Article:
Exterior View - Silodam Housing Block in Amsterdam / MVRDV

© Rob ‘t Hart

In 2003, MVRDV completed the Silodam, a polychromatic apartment building on Amsterdam harbor that was part of an extensive urban operation that transformed a former dam and silo building. A mixed program of housing, offices, workspaces, commercial spaces, and public spaces was arranged in a 20 meter deep and ten-story-high urban envelope.

Silodam Technical Information

  • Architects: MVRDV
  • Location: Amsterdam, The Netherlands
  • Client: Rabo Vastgoed, Utrecht NL and De Principaal B.V, Amsterdam, the Netherlands
  • Budget: EUR 16.8 million (EUR 861/ m2)
  • Type: Housing
  • Area: 19,500 m2  (165 dwellings)
  • Project Year: 1995-2003
  • Photographs: © Rob ‘t Hart

The economic requirements added differentiation in facade material and outside spaces. […} As a result, an unexpected sequence of semi-public routes appeared: from galleries on one side one can walk via slits and corridors to galleries on the other side and higher up. Connecting all the houses with the hall, the public balcony, the harbor, the barbeque area and garden, the library, fitness area, and toy exchange, a three-dimensional neighborhood materializes

– MVRDV Architects

Silodam Housing Block Photographs
Exterior - Silodam Housing Block in Amsterdam / MVRDV

© Rob ‘t Hart

River View - Silodam Housing Block in Amsterdam / MVRDV

© Rob ‘t Hart

Silodam Housing Block in Amsterdam / MVRDV

© Rob ‘t Hart

Color Elevation - Silodam Housing Block in Amsterdam / MVRDV

© Rob ‘t Hart

Patio - Silodam Housing Block in Amsterdam / MVRDV

© Rob ‘t Hart

Roof top terraces - Silodam Housing Block in Amsterdam / MVRDV

© Rob ‘t Hart

Blue Corridor

© Rob ‘t Hart

Opening to ocean - Silodam Housing Block in Amsterdam / MVRDV

© Rob ‘t Hart

Text by the Architects

In the western part of Amsterdam harbor, an extensive urban operation has been undertaken to densify the city and to meet the demands of the market, even in one of the more vulnerable areas. A former dam with a silo building on top has been transformed into a new neighborhood that consists of a series of relatively costly components: a dam with a sunken parking lot, renovation of the old silo buildings, the required mix of less expensive social housing, the underwater protection barrier against oil tankers, the required deep piling foundation and the expensive temporary drydock constructions.

To help pay for parts of this operation, a new housing block at the end of the dam was proposed. Timing helped. The Dutch real estate boom in the nineties allowed for higher profits. By waiting for some years, additional income could be generated. How could MVRDV design a building that would wait?

The problem of a fast-changing housing market was approached with a series of different housing types. The demand for a wide variety of living spaces, on the one hand, led to different typologies but, on the other hand, as a counterbalance to the increasing individuality. A mixed program of 157 houses (for rent or sale), offices, workspaces, commercial spaces, and public spaces had to be arranged in a 20 meter deep and ten-story-high urban envelope.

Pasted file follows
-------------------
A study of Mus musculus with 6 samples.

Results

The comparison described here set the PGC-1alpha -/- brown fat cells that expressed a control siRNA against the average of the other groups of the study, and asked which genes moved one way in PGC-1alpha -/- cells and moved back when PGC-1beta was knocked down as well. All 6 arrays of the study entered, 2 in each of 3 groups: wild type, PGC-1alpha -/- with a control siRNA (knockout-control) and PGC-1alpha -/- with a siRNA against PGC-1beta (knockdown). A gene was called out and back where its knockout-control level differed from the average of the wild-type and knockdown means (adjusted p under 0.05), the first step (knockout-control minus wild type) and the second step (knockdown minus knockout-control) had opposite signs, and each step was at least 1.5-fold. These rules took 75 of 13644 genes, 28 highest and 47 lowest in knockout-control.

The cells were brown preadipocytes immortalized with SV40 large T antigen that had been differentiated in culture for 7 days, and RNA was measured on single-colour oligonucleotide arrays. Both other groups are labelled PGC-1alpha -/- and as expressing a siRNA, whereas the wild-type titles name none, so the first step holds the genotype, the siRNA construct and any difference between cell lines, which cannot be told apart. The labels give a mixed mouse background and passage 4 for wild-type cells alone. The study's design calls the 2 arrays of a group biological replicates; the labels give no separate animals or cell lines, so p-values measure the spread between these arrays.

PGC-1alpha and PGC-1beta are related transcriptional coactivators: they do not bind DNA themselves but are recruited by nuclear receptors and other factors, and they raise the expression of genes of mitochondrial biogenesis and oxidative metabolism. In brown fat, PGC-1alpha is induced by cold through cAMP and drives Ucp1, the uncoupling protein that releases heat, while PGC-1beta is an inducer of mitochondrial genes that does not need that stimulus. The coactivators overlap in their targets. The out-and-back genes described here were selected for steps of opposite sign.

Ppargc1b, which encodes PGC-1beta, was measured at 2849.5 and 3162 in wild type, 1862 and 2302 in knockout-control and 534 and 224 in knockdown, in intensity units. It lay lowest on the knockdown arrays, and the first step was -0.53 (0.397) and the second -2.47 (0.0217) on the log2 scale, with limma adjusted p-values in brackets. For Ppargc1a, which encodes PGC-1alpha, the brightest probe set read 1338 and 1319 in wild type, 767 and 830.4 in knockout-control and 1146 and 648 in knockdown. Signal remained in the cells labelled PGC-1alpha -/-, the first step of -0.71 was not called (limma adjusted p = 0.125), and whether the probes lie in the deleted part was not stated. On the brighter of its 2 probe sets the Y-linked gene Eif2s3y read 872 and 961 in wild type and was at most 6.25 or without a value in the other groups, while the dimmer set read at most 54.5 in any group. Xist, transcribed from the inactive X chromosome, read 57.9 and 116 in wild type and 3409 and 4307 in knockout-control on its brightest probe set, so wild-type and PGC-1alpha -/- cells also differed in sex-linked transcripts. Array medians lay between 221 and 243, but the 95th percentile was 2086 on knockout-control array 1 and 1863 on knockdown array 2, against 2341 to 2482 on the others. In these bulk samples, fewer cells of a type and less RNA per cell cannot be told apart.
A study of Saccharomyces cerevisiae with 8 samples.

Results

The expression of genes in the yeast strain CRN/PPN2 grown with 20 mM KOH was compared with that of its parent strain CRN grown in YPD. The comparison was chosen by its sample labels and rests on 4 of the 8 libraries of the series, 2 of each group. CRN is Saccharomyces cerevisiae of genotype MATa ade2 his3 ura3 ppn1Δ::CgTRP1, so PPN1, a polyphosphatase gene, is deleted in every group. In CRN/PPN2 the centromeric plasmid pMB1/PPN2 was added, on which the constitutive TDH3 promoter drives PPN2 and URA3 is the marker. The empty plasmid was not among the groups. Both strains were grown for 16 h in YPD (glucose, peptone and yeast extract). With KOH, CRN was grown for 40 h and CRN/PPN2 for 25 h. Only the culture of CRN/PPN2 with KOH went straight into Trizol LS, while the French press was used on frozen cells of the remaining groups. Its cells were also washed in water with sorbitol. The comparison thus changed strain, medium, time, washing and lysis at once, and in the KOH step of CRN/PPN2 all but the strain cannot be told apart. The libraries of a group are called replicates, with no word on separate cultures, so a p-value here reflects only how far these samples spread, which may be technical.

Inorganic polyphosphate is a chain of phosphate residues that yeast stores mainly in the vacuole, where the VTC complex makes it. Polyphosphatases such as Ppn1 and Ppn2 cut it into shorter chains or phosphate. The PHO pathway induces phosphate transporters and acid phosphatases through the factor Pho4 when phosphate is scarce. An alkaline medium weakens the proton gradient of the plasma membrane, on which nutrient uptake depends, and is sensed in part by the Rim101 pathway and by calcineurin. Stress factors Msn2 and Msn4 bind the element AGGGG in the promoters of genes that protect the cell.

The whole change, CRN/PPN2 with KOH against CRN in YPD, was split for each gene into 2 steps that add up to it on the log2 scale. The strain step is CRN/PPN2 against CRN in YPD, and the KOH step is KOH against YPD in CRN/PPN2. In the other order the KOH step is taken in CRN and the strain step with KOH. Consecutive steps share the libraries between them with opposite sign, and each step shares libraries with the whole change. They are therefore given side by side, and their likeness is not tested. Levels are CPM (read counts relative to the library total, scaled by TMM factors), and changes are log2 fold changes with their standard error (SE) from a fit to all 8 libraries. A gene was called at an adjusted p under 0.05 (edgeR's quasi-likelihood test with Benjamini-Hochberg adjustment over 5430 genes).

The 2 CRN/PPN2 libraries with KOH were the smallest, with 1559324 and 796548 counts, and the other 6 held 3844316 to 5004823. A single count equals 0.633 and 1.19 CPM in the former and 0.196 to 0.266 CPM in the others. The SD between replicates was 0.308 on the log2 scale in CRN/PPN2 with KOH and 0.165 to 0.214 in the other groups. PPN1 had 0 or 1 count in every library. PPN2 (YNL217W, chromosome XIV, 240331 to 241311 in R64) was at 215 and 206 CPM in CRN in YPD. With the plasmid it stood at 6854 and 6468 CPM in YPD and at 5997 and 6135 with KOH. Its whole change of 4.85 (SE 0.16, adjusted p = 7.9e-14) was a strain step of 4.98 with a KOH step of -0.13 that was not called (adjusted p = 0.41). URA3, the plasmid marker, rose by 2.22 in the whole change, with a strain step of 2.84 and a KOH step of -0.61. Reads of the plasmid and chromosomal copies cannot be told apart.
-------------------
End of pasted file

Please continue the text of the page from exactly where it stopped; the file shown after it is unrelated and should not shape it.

The apartments differ in size, cost, and organization. To accommodate this process in time, a series of neighborhoods of 8 to 12 residences were created—blocks of apartments that surround a corridor, a garden, a gallery, and a hall. As a counter-form, these organizations lead to specific apartments: apartments with a panoramic view, with views on both sides, double-height flats, apartments with a patio, apartments with a view to the harbor. The daylight requirements caused different amounts of windows for these types. The financial obligations added differentiation in facade material and outside spaces. In time these blocks were offered for discussion. It leads to both political and economic negotiations that could span the given time. Based on a four-tower organization, these blocks could be shifted. In the political discussions, a mix had to be achieved over separations, stratification, or apartheid constellations. In the economic discussions, Gauss curves accompanied the changes in demand. Up until that moment, the discussions had to be frozen. The existing situation was maintained in place.

As a result, an unexpected sequence of semi-public routes appeared: from galleries on one side, one can walk via slits and corridors to galleries on the other side and higher up. Connecting all the houses with the hall, the public balcony, the harbor, the barbeque area and garden, the library, fitness area, and toy exchange, a three-dimensional neighborhood materializes. It became a container of houses, literally interpreting the surrounding harbor.

It is adding a 21st-century silo of houses to the next 19th- and 20th-century silos. One of the blocks contains a restaurant, pushed outside of the volume. The dam has been bent through the volume. It creates a public plaza with a panoramic view of the river. It compensates for the loss of the view at the former dam. Below the balcony, there is an office with almost the same magnificent view.

Silodam Housing Block Plans
9th Floor Plan

9th Floor | © MVRDV

2nd Floor | © MVRDV

2nd Floor | © MVRDV

Ground Floor | © MVRDV

Ground Floor | © MVRDV

Silodam Section

Section | © MVRDV

Elevation of Silodam

Elevation | © MVRDV

Silodam Housing Block Image Gallery
About MVRDV

MVRDV is a Rotterdam, Netherlands-based architecture and urban design practice founded in 1993. The name is an acronym for the founding members: Winy Maas (1959), Jacob van Rijs (1964), and Nathalie de Vries (1965).
Other works from MVRDV 

Cite this article: "Silodam Housing Block in Amsterdam / MVRDV" in ArchEyes, May 20, 2020, https://archeyes.com/silodam-housing-block-in-amsterdam-mvrdv/.